Something eating your palm fronds? The doctor is in


Something eating your palm fronds? Are the leaves a strange yellow color? Bring a frond for the doctor to analyze at the next Hawaii Island Palm Society meeting at 7 p.m. Friday, Nov. 15, at the University of Hawaii at Hilo.

The society invites the public to a PowerPoint presentation and discussion on “Palm Diseases and Pests in Hawaii” by Scot Nelson, Ph.D., in UH-Hilo room UCB-114. UCB is the tallest building adjacent to the upper end of the main parking lot off Kawili Street.

Nelson has worked since 1992 as a plant pathologist for the University of Hawaii at Manoa College of Tropical Agriculture and Human Resources. Residing in Honolulu, he is responsible for plant disease education and research programs throughout the state of Hawaii.

His photos of palm diseases and pests represent data he collected during consultations with palm growers throughout Hawaii and the Pacific. His material is periodically updated to reflect the latest developments. His presentation will include information on how to deal with these diseases and pests.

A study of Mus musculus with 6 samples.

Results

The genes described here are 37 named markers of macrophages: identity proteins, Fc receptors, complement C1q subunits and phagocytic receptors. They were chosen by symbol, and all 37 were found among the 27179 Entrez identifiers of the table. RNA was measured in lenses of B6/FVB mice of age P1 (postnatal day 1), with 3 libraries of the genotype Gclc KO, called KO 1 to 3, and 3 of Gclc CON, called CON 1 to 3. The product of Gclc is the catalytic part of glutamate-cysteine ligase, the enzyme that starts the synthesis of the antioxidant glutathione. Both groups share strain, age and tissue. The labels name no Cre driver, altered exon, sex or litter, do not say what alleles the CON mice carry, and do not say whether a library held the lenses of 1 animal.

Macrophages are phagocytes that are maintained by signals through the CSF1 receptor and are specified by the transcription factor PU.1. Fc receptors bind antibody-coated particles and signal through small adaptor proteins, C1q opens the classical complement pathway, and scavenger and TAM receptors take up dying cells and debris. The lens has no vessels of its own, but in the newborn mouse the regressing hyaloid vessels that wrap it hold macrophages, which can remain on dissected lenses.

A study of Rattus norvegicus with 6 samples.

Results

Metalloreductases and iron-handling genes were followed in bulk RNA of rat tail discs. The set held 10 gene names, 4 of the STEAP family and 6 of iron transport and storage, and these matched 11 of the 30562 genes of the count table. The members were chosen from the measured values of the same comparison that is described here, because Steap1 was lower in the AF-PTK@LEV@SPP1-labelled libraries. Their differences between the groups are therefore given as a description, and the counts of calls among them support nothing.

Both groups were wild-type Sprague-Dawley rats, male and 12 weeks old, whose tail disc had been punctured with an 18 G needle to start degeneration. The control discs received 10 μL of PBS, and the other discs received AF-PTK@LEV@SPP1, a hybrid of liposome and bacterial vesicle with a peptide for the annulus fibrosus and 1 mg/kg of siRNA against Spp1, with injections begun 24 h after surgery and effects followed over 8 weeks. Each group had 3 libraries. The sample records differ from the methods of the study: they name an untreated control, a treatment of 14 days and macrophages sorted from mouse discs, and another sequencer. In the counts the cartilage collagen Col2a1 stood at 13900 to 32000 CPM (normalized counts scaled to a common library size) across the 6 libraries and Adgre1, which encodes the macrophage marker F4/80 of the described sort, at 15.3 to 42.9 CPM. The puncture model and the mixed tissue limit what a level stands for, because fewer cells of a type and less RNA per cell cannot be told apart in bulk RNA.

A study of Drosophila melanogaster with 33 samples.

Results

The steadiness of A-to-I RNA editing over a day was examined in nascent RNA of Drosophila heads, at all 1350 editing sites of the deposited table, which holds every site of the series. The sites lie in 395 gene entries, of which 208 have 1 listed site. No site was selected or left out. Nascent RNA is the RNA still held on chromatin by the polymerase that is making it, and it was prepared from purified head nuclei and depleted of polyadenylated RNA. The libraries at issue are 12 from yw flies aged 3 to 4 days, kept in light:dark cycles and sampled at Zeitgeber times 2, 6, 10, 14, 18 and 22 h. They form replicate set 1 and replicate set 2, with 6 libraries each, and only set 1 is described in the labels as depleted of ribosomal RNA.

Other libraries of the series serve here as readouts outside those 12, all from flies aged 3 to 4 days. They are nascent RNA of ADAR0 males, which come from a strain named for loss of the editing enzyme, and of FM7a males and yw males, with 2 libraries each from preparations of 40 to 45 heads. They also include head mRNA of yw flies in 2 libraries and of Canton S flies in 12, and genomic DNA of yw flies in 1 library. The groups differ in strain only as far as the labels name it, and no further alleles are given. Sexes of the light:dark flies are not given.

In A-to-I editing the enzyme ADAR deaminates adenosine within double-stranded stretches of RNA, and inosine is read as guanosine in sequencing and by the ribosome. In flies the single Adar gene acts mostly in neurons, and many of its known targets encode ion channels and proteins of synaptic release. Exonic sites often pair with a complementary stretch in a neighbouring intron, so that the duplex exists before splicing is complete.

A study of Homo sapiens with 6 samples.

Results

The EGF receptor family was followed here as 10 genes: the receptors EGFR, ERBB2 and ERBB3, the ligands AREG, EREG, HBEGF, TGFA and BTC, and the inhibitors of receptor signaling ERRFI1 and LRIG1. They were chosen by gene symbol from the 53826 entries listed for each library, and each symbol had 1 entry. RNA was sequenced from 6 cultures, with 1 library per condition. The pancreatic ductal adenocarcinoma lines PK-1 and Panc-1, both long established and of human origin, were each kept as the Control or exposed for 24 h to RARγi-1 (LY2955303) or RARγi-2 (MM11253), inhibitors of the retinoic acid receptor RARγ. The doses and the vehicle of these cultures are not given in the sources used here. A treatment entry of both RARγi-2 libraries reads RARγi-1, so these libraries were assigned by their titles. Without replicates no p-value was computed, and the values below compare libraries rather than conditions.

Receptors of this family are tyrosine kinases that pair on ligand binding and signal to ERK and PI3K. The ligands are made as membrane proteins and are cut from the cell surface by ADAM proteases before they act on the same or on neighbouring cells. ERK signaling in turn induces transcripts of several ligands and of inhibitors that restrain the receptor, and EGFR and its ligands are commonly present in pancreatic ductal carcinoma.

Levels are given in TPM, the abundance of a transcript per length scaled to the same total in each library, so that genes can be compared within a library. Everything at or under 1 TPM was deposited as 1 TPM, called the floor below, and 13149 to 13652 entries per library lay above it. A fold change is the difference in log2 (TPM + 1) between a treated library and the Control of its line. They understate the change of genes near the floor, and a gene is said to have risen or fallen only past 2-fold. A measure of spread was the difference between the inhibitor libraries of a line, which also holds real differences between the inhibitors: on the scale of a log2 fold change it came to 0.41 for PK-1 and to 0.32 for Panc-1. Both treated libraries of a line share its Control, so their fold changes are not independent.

Everyone is invited to bring “sick” fronds for Nelson to analyze and indentify the pest or disease afflicting the particular palm.

Nelson has produced a number of palm pest resources to provide problem diagnosis, pest management guidelines and educational opportunities for palm growers and service industries. He developed a new, interactive website with information about plant diseases and pests as well as a free, diagnostic app for smart phones (“The Plant Doctor” app).

He may be contacted through his website at hawaiiplantdisease.net, by email at snelson@hawaii.eduor by telephone at his laboratory at the University of Hawaii at Manoa in 513 Gilmore Hall, (808) 956-6741.

The event sponsor, the 200-member Hawaii Island Palm Society, a chapter of the International Palm Society, is an educational group dedicated to demonstrating to the public the variety of palms that can be grown in the Hawaii landscape and to providing information concerning palms and their cultivation.

Each year the group sponsors numerous slide shows and field trips to accomplish these objectives. As a community education project, members continue to plant new species of palms at the Pana‘ewa Rainforest Zoo and Gardens outside Hilo, and maintain the more than 100 species already planted there. They have also planted a new Cycad Garden at the entrance to the zoo, with cinder hills and meandering pathways that invite you to stroll through the garden.

For more information about this event or the Hawaii Island Palm Society, contact HIPS President Tim Brian at 333-5626 or visit the society website at www.hawaiiislandpalmsociety.com.